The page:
Inside the house, when I flip a switch, charge my cell phone and print out a map, I do it with energy harnessed directly from the sun. A photovoltaic solar array sits securely on a rocky outcrop just a stone's throw from my back door. In times of sunshine, the solar array produces a DC current which- when routed through an inverter- enters my home as AC and runs my appliances. Excess energy is stored in a series of batteries to be used during a cloudy day. For fun, a sample of some cool electricity websites here and here.
Living off the grid. The Armstrong House Education Center is unique because it gets all of its electric energy from the sun- it is completely 'off the grid'. There are no power lines connecting it to the power company, I don't receive a monthly electricity bill and when the town's power goes out in a storm I will be happily streaming videos while I charge my computer. Most houses or buildings that use a solar array are still on the grid, they just simply reduce the amount of power they take from it by capturing the sun's energy. This 'grid tied solar array' is a cool option, but The Pound Ridge Land Conservancy wanted to go to the next level- we chose to be completely powered by the sun. Our electricity doesn't come from burning fossil fuels and its associated environmental effects: acid rain, air pollution, climate change, etc. My house's solar array can produce roughly 5 Kilowatts of electricity on a sunny day. I searched around for equivalencies in coal and found this neat websites: A 100 Watt bulb running 24 hours a day for a year requires 714 pounds of burned coal.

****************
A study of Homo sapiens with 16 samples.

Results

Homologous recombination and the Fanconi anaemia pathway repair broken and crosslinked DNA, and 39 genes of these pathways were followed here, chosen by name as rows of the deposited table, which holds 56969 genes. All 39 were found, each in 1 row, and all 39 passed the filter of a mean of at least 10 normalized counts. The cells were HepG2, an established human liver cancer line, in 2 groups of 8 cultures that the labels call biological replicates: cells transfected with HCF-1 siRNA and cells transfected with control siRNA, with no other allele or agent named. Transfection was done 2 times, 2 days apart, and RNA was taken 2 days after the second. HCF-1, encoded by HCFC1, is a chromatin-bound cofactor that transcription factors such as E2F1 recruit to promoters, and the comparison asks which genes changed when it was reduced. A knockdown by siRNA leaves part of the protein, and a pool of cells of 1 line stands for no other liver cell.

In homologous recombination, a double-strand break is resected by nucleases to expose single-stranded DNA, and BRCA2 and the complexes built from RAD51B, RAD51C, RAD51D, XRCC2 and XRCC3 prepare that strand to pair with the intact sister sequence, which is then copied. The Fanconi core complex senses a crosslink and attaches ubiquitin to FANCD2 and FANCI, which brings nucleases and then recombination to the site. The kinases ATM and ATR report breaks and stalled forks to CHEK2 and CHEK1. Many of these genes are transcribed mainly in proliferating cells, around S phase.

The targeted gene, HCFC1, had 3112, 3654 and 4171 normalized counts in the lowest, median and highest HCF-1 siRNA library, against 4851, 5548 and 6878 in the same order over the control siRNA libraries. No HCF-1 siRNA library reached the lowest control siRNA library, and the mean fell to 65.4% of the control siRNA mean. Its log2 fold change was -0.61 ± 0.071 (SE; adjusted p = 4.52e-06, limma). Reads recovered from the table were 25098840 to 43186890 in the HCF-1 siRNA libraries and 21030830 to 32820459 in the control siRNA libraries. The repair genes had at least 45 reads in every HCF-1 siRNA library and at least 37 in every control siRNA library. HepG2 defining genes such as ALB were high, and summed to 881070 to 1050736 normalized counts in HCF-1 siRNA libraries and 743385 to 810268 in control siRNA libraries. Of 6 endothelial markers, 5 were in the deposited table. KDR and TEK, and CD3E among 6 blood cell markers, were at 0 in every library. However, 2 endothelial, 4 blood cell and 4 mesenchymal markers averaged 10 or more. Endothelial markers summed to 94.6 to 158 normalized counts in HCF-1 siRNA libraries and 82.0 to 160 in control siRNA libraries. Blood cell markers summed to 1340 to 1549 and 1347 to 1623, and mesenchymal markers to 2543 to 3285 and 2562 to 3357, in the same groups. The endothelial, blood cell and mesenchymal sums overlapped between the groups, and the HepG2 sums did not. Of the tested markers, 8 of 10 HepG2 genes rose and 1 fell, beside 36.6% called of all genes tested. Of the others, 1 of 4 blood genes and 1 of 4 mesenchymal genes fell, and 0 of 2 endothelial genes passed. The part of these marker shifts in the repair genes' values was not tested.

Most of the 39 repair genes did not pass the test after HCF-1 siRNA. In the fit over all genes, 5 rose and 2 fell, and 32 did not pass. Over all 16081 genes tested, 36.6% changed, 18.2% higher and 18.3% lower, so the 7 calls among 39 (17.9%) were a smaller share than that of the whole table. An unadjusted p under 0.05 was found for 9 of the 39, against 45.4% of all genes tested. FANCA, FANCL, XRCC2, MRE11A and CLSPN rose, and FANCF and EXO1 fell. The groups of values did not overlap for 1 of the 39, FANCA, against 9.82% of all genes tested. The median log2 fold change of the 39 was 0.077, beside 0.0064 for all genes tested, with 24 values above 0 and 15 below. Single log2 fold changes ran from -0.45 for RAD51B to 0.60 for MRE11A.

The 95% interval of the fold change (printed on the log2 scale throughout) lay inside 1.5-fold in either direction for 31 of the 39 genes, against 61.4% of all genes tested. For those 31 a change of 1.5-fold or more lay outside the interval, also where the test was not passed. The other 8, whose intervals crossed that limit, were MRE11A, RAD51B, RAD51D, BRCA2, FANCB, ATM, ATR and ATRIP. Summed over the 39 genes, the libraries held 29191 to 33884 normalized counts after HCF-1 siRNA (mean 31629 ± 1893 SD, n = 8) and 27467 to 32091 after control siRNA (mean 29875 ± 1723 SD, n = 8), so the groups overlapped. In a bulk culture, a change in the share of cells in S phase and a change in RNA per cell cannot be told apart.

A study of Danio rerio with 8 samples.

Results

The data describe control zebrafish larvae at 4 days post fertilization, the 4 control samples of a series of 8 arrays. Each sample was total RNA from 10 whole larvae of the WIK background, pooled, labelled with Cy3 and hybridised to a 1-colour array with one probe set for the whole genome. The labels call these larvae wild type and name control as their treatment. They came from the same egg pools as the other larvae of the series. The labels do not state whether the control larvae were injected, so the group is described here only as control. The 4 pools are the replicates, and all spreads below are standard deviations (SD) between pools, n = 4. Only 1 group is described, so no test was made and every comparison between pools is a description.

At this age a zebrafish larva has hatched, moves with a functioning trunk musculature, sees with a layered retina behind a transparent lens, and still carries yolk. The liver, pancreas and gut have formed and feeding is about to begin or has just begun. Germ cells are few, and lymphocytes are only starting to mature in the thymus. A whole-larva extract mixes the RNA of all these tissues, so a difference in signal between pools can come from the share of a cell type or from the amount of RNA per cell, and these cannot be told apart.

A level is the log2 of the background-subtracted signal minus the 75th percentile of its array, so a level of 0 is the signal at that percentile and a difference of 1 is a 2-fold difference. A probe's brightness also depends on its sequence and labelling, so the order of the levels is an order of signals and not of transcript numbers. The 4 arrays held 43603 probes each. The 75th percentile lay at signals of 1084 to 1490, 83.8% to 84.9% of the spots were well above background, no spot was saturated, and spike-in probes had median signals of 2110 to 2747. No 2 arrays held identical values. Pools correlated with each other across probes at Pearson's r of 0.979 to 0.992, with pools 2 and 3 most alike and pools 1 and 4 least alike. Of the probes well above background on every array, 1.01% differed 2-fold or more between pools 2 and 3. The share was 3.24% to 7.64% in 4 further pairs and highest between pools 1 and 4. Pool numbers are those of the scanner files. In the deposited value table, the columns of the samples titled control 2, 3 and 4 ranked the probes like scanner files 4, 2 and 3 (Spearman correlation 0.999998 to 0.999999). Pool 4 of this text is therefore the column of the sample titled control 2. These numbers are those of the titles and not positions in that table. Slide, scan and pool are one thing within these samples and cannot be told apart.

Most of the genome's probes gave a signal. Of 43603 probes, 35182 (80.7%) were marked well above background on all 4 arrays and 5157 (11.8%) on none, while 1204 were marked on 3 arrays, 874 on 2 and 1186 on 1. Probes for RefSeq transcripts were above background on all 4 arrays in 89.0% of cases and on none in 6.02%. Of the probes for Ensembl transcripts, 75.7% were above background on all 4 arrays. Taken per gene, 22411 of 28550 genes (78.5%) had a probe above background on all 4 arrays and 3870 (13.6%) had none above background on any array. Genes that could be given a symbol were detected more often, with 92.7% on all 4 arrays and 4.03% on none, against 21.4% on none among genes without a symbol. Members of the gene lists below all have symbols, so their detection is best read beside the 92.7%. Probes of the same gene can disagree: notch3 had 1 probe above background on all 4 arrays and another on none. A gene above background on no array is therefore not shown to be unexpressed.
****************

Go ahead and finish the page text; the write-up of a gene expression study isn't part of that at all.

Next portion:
|The current solar array at the Armstrong House Education Center.|
A guiding principle for The Armstrong House is energy efficiency- we want to see how far we can stretch each watt (see future Blog posts for how we do this). That all begins- of course- with choosing the source of the watt. We had a choice: tie ourselves to the grid via an overhead (or buried) power line or rely on a solar array to produce our energy. After crunching the numbers, we determined it would cost more to tie ourselves into the grid than it would to buy our solar array and the first installment of batteries (this is, in part, because we are in a remote location). We decided to stay off the grid.
There is another huge difference between being on or off the grid. If the Armstrong House was on the grid, I wouldn't be forced to monitor my power usage. I could waste as much as energy as I wanted and never worry about it running out. The alternative-locally harnessing a finite amount of solar energy each day- dedicates me to ultimate accountability of my energy use. I have to be mindful of an energy schedule (for instances, doing laundry on sunny days) and always aware of the forecasted weather ('I better do my vacuuming today because we have 3 days of rain coming').
I think about it like this: my solar home is like a living organism with a finite amount of inputs and outputs- in order to live happily I have to think about my actions, my environment (the house) and their combined ecology. In essence, its not just about me anymore. The house is not without luxuries- the downstairs bathroom has an heirloom claw foot bathtub and most floors are of beautifully finished wood- but a luxury that I don't have here is the luxury of infinite resources. I can't ignore the sun. I must mind the rain. On some level, I'm forced to admit that my domestic prosperity is reliant on the weather.
Like I always say, Living Lighter on the Land is about rethinking our place on the planet. Here at the solar-powered Armstrong House Education Center, we are rethinking the relationship between home and homeowner- the more I live here and understand the energy systems, the more it feels like the house and I are in a partnership.